Environment

Find the story in the numbers. See below to explore facts about Environment in the Charlotte region. See how the region's counties compare to one another and how the metro area compares to peers around the country.


  • A hellbender being measured on the New River.

    Hellbenders offer a window into water’s health

    Hellbenders - a species of large salamander with an evocative name - can tell us something about the health of a river. Macroinvertebrates are good indicators of water health across the state. Insects, crustaceans, molluscs, and arachnids can all tolerate water quality in different degrees. Mayflies, caddisflies, stoneflies, hellgrammites are all highly sensitive to pollution. Their presence anywhere indicates good water quality. Dragonflies, damselflies, crayfish and clams are somewhat tolerant of pollution. Black fly larvae, lunged snails, and leeches are all pollution-tolerant.
  • a corkscrew rush (Juncus effusus) in a garden setting.

    Rushes can restore some ecosystems - and beautify your backyard

    Common rush (Juncus effusus) is often used in riparian restoration projects. It provides cover for wildlife and helps stabilize soil and filter stormwater runoff, and it can be found throughout the Uwharries. Jim Matthews, professor emeritus at UNC Charlotte and founder of Habitat Assessment and Restoration Professionals, calls it the “Cadillac of wetland plants” because it can grow in standing water but also tolerate dry spells.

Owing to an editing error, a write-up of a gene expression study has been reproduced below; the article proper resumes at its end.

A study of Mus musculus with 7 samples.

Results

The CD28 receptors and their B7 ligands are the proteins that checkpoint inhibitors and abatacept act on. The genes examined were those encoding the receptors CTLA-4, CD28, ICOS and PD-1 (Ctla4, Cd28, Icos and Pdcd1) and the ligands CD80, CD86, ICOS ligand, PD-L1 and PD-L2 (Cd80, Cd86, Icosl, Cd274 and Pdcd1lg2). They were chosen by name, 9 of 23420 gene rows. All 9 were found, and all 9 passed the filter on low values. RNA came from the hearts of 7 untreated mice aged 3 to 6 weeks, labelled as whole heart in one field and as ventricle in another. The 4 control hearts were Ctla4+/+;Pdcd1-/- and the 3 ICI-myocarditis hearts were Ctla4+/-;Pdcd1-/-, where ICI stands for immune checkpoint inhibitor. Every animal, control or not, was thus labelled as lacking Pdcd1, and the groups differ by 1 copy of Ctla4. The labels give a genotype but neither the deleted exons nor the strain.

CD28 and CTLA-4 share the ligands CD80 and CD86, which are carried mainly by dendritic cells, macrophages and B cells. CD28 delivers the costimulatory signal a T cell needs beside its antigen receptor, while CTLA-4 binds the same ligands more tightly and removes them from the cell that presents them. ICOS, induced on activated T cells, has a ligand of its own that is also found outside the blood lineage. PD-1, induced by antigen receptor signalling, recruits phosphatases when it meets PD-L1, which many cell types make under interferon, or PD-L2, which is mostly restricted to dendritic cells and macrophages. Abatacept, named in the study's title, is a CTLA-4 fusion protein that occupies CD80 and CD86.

• White-bracted sedge mingles with lobelia, liatris and jewelweed in the author’s Charlotte garden.

    A native plant that adds habitat - and flair - across North Carolina

    Found primarily along the Southeast coast, white-bracted sedge also grows with abandon in wet, sunny meadows you can create in your Charlotte backyard. The flowers attract a crazy array of pollinators - bumblebees and honeybees, bizarre bugs and colorful moths, tiny bees and flies. And the bracts remain attractive deep into fall, even after a hard freeze has turned them to parchment.
  • Falls Reservoir, a small lake in between Badin Lake and Lake Tillery.

    Beyond Crowders and Morrow Mountain: 8 great spots to get your nature fix near Charlotte

    Most people who visit the Uwharrie region, east of Charlotte, for recreation probably know about spots like the Uwharrie Trail and Morrow Mountain State Park. Or maybe you’re used to driving west, to Crowders Mountain State Park. However, there are a lot of lesser-known gems in the region that many tourists miss out on, and some that even locals have never been to see.